Last Friday, Medicare released performance data for the first time on the success of Accountable Care Organizations (ACOs) around the country, and the initial results are mixed.
ACOs are networks of health care providers that voluntarily work together to provide coordinated care to patients. ACOs seek to improve the coordination of care between disparate providers – including hospitals and independent physicians – and provide opportunities for ACO members to share any savings that result. They also hold one of the greatest hopes of the type of health care delivery system reform needed to generate big costs savings and even bigger quality gains.
Since 2012, the Center for Medicare and Medicaid Innovation (CMMI) has been putting this hope to the test by funding several iterations of the ACO model – including a Shared Savings Program, an Advance Payment Model, and a Pioneer Model for networks already engaged in care coordination.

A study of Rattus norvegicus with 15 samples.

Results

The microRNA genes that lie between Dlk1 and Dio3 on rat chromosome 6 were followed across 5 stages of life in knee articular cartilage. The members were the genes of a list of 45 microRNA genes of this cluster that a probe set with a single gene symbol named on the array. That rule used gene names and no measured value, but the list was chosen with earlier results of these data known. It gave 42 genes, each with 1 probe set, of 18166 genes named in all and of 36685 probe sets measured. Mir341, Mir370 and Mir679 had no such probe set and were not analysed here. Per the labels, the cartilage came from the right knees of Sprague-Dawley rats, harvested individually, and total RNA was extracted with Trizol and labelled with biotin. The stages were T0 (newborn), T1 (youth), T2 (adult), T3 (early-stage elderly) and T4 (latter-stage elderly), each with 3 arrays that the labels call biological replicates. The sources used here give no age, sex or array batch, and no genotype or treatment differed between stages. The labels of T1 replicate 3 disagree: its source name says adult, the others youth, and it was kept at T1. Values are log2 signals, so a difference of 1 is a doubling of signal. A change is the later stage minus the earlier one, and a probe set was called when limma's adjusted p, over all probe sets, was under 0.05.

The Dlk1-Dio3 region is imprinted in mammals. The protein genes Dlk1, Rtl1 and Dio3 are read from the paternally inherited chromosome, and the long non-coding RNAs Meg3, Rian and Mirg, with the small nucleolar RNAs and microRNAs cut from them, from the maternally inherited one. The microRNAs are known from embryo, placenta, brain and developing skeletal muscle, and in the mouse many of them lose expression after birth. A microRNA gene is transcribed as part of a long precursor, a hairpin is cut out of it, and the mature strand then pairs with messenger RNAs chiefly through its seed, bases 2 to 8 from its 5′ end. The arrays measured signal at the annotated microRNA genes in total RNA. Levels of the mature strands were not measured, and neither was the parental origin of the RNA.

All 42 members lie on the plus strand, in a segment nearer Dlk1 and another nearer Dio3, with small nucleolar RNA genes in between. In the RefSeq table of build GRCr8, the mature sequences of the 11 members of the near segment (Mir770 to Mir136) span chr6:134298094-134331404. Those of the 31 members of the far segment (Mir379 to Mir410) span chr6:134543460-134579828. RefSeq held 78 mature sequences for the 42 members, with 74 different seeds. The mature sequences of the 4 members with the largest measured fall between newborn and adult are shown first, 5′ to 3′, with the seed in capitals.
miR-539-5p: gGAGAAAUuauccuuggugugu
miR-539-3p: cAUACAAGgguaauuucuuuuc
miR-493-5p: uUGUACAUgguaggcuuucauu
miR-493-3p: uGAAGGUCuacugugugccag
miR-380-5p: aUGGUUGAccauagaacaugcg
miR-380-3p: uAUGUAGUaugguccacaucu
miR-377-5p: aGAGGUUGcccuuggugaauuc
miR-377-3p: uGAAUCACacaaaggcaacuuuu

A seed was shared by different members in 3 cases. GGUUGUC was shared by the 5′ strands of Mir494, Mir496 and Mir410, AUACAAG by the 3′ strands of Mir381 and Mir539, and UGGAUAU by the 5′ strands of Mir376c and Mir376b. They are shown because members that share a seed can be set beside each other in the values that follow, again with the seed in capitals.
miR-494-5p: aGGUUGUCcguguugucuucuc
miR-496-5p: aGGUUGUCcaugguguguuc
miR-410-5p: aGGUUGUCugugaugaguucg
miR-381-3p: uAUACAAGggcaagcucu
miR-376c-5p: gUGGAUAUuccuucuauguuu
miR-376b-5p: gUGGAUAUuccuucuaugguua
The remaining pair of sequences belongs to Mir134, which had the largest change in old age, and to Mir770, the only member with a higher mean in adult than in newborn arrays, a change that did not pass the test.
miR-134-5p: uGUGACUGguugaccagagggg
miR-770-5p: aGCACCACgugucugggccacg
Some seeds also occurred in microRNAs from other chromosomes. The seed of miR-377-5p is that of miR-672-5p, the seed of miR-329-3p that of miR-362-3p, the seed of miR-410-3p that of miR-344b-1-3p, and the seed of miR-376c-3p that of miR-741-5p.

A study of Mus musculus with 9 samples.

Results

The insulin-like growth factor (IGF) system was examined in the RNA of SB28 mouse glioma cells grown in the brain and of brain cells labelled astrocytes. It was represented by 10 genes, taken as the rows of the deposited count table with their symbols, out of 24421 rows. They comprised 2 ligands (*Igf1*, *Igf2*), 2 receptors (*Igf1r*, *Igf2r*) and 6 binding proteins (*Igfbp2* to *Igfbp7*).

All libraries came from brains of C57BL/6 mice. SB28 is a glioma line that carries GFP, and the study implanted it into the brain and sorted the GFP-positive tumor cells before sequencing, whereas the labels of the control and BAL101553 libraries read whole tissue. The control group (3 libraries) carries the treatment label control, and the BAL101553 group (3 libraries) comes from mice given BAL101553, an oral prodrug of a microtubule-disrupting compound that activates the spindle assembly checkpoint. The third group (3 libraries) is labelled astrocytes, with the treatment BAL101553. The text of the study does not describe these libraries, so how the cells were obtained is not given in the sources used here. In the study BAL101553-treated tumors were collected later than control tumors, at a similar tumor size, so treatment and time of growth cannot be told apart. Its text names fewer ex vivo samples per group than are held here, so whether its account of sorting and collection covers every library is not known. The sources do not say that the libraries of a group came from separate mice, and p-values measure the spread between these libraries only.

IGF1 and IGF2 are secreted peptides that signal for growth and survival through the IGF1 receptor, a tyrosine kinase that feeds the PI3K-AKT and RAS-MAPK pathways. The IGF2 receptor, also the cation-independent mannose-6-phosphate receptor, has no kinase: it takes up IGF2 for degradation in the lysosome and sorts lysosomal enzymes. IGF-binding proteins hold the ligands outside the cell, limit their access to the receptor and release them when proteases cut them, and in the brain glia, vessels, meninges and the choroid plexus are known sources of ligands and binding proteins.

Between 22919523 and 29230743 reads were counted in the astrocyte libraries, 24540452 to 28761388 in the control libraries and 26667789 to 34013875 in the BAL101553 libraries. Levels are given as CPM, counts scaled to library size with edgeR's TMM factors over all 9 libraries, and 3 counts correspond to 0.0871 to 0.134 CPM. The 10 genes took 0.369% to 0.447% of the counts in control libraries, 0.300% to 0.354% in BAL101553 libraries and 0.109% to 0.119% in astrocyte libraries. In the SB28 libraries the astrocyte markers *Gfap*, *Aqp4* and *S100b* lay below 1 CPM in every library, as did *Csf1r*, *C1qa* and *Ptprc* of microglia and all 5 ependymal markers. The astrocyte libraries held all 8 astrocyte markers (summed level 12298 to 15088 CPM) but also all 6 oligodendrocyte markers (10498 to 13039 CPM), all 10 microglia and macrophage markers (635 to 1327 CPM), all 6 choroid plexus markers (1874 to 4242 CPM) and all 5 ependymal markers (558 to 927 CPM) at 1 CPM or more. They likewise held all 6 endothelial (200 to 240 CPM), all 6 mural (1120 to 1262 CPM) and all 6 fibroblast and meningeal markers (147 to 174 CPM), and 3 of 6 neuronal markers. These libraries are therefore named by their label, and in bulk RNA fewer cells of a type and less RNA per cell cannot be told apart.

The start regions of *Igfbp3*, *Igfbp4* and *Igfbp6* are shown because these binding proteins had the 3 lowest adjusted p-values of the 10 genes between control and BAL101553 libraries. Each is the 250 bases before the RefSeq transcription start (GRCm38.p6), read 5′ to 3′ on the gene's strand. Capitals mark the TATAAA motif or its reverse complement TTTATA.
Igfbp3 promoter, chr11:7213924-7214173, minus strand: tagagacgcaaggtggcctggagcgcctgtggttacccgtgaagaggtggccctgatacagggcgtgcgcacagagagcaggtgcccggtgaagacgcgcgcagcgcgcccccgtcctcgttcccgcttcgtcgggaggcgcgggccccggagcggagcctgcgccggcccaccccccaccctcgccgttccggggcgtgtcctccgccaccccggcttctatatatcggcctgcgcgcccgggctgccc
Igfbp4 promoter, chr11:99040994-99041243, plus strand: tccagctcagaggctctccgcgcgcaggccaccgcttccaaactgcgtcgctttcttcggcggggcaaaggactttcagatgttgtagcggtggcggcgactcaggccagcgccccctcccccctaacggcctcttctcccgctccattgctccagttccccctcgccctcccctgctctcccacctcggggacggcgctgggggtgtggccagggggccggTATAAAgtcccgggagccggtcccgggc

Friday’s data release provides information on five of 33 total quality measures being tracking by CMMI for the 2012 Shared Saving Program. The data show varying levels of success in ACOs’ control of patients’ diabetes and heart disease. According to the Kaiser Health News’ analysis of the data, which is accessible on an ACO-by-ACO basis, average ACOs reached the Medicare goals for 65 percent to 75 percent of their patients.
While this data represent only seven percent of the total potential savings within the ACO Shared Savings Program, all eyes will certainly be on CMMI as performance results continue to trickle in.